Nachos is an instructional operating system for undergraduate OS classes. It is a challenging system to learn, but is also as rewarding as it is challenging.
Nachos may seem complex (it is) and confusing at first, but after using the system for a while you will become familiar and comfortable with it. There are also some advantages with using such a well-established project. First, it has been thoroughly debugged and is therefore relatively stable. Second, there is extensive documentation describing the Nachos system. Both of these aspects should make it easier for you to learn and use Nachos.
During the quarter we will be starting with a pre-project and then doing three substantial projects:
The project grade is evenly split among the projects (each is 33% of the project grade), and project 0 is the remaining 1%.
You will work on projects 1–3 in groups of 1–3 students. Project 0 is a short, individual project, and we will overlap forming groups with project 0.
There are a number of sources for using and learning the Nachos system, starting with the source code itself.
The platform we will officially support is Linux/x86 on the ieng6 ETS server cluster and the machines in the CSE basement labs. We have customized the Nachos distribution for our course, so you should use the version of Nachos that we make available (i.e., do not download from other sites on the Web). If you would like to work with Nachos on another system, see the discussion of cross-compilation for projects 2 and 3.
Starting with project 1, we will be using Git for version control in CSE 120. The Git site has an excellent reference manual online. We will provide more details when we start project 1.
Your project code will be automatically graded. There are two reasons for this:
Of course, there is a tradeoff. Everything that will be tested needs to have a standard interface that the grader can use, leaving slightly less room for you to be creative. Your code must strictly follow these interfaces (the documented *Interface classes).
Since your submissions will be processed by a program, there are some very important things you must do, as well as things you must not do. For all of the projects in this course:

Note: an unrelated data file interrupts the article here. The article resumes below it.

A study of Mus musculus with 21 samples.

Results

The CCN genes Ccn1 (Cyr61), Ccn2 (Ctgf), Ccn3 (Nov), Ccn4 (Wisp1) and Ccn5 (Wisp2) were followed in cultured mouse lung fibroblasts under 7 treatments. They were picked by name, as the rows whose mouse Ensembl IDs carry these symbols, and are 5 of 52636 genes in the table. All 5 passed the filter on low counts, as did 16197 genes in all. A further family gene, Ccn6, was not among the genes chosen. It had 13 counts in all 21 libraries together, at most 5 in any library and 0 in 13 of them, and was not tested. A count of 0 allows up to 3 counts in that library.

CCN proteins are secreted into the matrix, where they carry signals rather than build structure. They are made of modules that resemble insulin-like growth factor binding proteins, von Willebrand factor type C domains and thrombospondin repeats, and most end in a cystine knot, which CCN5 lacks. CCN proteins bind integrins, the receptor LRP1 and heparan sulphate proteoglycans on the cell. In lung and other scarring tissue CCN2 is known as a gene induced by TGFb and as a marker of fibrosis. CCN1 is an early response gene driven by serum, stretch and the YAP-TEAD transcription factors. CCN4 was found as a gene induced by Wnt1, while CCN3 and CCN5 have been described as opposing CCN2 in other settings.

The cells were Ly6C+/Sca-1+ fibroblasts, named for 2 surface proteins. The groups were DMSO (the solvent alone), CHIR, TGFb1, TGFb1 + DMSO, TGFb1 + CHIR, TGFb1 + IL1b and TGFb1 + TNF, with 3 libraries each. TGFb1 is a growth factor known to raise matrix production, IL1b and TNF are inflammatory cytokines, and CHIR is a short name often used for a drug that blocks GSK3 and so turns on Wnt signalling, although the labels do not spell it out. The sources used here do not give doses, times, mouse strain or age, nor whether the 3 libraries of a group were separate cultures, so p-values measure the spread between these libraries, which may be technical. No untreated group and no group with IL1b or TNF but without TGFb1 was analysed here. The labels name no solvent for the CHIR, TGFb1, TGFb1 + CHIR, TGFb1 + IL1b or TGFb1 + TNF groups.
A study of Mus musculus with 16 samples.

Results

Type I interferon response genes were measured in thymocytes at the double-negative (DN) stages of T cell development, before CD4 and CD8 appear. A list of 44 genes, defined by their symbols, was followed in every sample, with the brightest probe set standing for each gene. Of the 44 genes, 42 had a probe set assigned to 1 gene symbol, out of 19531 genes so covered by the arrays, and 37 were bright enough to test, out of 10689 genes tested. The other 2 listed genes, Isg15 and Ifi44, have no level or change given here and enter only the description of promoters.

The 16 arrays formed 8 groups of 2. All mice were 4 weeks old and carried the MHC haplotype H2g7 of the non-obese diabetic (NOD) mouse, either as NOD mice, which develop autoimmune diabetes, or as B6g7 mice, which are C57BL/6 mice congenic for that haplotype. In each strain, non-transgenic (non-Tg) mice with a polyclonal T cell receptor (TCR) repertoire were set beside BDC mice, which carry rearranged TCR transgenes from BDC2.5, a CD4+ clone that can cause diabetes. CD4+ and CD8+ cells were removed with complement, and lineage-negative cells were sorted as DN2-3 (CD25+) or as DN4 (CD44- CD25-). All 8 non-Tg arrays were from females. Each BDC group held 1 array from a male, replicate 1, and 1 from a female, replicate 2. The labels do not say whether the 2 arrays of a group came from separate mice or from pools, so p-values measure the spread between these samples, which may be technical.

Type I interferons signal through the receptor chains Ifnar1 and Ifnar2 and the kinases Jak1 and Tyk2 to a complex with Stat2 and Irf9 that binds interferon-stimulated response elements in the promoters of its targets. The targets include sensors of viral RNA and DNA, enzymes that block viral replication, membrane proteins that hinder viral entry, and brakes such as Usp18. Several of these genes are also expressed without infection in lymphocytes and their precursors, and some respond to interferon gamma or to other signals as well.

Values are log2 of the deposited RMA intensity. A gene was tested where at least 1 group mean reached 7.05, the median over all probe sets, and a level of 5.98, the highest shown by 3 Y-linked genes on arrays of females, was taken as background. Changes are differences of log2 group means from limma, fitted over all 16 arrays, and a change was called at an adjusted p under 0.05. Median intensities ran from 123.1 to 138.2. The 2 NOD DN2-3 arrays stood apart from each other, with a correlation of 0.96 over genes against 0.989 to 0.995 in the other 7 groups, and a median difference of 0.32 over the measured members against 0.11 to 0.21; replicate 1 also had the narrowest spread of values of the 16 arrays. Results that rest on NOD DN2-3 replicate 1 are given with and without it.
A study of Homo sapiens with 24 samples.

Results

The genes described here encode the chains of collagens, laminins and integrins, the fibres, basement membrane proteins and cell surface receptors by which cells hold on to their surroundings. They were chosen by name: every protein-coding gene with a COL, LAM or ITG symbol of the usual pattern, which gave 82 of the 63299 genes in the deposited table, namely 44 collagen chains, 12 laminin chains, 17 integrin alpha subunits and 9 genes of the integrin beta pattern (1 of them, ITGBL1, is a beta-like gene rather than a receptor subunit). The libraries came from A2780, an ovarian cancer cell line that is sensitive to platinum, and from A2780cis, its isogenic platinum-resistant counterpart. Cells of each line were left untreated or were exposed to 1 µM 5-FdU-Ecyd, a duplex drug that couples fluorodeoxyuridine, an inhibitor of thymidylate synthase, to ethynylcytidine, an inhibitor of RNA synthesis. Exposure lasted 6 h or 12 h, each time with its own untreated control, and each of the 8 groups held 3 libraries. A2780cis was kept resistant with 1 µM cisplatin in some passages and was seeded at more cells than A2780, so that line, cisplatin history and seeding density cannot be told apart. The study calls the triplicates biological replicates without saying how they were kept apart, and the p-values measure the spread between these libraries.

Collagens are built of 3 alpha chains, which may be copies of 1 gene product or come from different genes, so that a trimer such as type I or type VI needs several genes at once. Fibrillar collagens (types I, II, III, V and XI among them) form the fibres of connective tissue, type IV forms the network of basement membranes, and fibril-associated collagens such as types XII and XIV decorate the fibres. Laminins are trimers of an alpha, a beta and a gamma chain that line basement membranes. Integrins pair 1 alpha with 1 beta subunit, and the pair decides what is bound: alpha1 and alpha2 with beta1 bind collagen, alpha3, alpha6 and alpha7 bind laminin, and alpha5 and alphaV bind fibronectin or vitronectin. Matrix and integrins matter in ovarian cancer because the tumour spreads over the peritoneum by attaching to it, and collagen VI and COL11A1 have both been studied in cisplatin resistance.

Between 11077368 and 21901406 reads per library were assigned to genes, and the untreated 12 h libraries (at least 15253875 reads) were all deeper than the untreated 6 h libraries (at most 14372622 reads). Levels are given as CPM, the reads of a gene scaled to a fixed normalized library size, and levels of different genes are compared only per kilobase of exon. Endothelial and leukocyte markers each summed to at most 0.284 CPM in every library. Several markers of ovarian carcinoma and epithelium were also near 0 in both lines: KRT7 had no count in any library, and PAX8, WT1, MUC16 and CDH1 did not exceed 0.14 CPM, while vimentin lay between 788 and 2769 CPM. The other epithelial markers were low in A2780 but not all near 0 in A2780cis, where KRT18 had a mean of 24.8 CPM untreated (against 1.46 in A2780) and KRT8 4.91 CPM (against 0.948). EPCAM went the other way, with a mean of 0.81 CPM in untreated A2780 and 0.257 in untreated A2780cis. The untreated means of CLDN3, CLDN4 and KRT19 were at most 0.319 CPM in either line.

During each project, we will provide a program that you can use to submit your code to the autograding system. As a result, you will be able to make sure that your code compiles and runs with the autograder well before you submit it.
The Nachos projects are aggressive, complex, and time-consuming. Nachos may seem overwhelming at first, but the projects are not impossible. If your group is spending many hours stuck on a single problem, then you should seek assistance. Be sure and read the various support documents. Come to office hours. Talk to the TAs and tutors in the lab. And use Piazza the class discussion board to share problems and tips.
Cheating is not an acceptable method for completing your projects. The consequences of cheating will correspond to the severity, but most often lead to failure of the course. The academic honesty guidelines outlined by Charles Elkan for CSE 130 apply to this course. Examples of cheating include copying code or answers from someone else, copying code or answers from online sources, or using generative AI or LLMs.
I urge you to resist any temptation to cheat, no matter how desperate the situation may seem. If you are in circumstances that you feel compel you to cheat, come to me first before you do so.